Arkansas News Headlines
Arkansas News Headlines

A looming teacher shortage that predated the pandemic looks so much worse now that COVID threats scared some educators out of their classrooms. And low teacher salaries aren’t helping. But the governor might be!

Governor Hutchinson is floating a plan to significantly boost teacher pay, ratcheting up the minimum teacher salary in Arkansas from $36,000 to $46,000. This would push the average teacher salary in Arkansas to around $60,000.

Right now, the starting salary for Arkansas teachers is set at $36,000 for the 2022-2023 school year. But all teachers, not just starting ones, would get more money under Hutchinson’s surprising plan. He’s proposing a $4,000 raise for all teachers through the ADM, or “average daily membership,” which represents the amount the state sends per student for public school students.

But Arkansas Department of Education Director Johnny Key supplied estimates of the price to the state for teacher raises of $3,000, $2,000 and $1,000 too, just in case lawmakers are too chintzy to pony up for the full deal.

Obviously, this plan sounds great! Reporter Mike Wickline wrote all about it in the Sunday Arkansas Democrat-Gazette. In 2019, lawmakers passed a salary schedule increase that included gradual raises that bring the 2022/2023 minimum salary up to $36,000. But as Wickline reported, key Republican lawmakers were initially skeptical of Hutchinson’s new raise idea.

A substantial raise like this one could help stave off the teacher exodus Arkansas and other states are expecting this summer as thoroughly tapped out educators retire or switch careers. Arkansas’s long-suffering teachers had it worse than some, having to report to on-site duty while most of us were cowering in fear and calling it in from the home office. A few dozen Arkansas educators died because of this. Surely throwing in a few thousand extra bucks a year is the least we can do.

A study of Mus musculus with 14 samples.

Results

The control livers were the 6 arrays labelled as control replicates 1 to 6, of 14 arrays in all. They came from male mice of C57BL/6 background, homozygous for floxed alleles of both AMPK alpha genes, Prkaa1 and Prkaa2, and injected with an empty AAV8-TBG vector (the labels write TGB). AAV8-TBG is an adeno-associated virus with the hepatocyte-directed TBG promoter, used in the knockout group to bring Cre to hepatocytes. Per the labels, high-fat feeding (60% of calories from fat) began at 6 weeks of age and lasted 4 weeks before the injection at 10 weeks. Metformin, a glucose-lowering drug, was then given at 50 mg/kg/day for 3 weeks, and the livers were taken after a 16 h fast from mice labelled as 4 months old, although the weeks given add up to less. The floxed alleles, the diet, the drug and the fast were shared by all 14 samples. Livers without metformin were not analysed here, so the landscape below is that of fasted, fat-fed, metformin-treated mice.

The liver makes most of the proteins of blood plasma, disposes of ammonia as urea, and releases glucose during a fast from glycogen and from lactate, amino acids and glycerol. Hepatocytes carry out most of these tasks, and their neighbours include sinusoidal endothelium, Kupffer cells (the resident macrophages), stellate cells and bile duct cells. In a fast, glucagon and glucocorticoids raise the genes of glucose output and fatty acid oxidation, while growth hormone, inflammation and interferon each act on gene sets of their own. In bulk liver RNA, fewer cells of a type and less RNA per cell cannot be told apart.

So how soon can we get this stellar plan in the works?

“There is no timeline, but in order to remain competitive with surrounding states, it would be important to implement it for the 22-23 school year,” said Kimberly Mundell, spokesperson for the Arkansas Department of Education.

Hutchinson has pointed to Mississippi as an example of a peer state that’s prioritized teachers and recently passed sizable raises.

In an email outlining the plan, Key wrote that, “Implementing the $4000 salary increase, combined with a new minimum salary of $46,000, would cause Arkansas to leap up the rankings of states for average salary. We estimate that under this scenario, the average teacher salary would be near $60,000. Based on the [National Education Association] estimates for 2021-22 that were released last week, we would rank higher than all surrounding states, and conceivably could go from a ranking of 46 in the 2020-21 school year to ranking in the top half of the nation. Of course, this could vary depending on legislative action in other states.”

Key also noted that state revenue indicators suggest Arkansas can cover the cost of these raises, easy. Per Key:

Bottom Line – Using a combination of surplus funding and an increase to ongoing funding through the Public School Fund (totaling approximately $333 million for FY23), Arkansas can make an historic increase to teacher salaries.

Arkansas lawmakers might be debating this proposal within weeks. “Governor Hutchinson has proposed it as part of the discussion of a potential special session,” Mundell said, referring to the session Hutchinson said he plans to call in July or August to pass tax cuts and potentially carve out expenditures for new school safety measures in the wake of the Uvalde, Texas, shooting at Robb Elementary School.

Arkansas really needs this, and I hope lawmakers come through. Because our schools are in for a crisis in August if we can’t retain the teachers we have and recruit a few new ones.

Hard numbers on the attrition rate for Arkansas teachers aren’t yet available, Mundell said. But she suggested it’s not looking good. “Anecdotally, superintendents are reporting a significant number of openings due to teachers leaving the profession through resignation or retirement,” she said.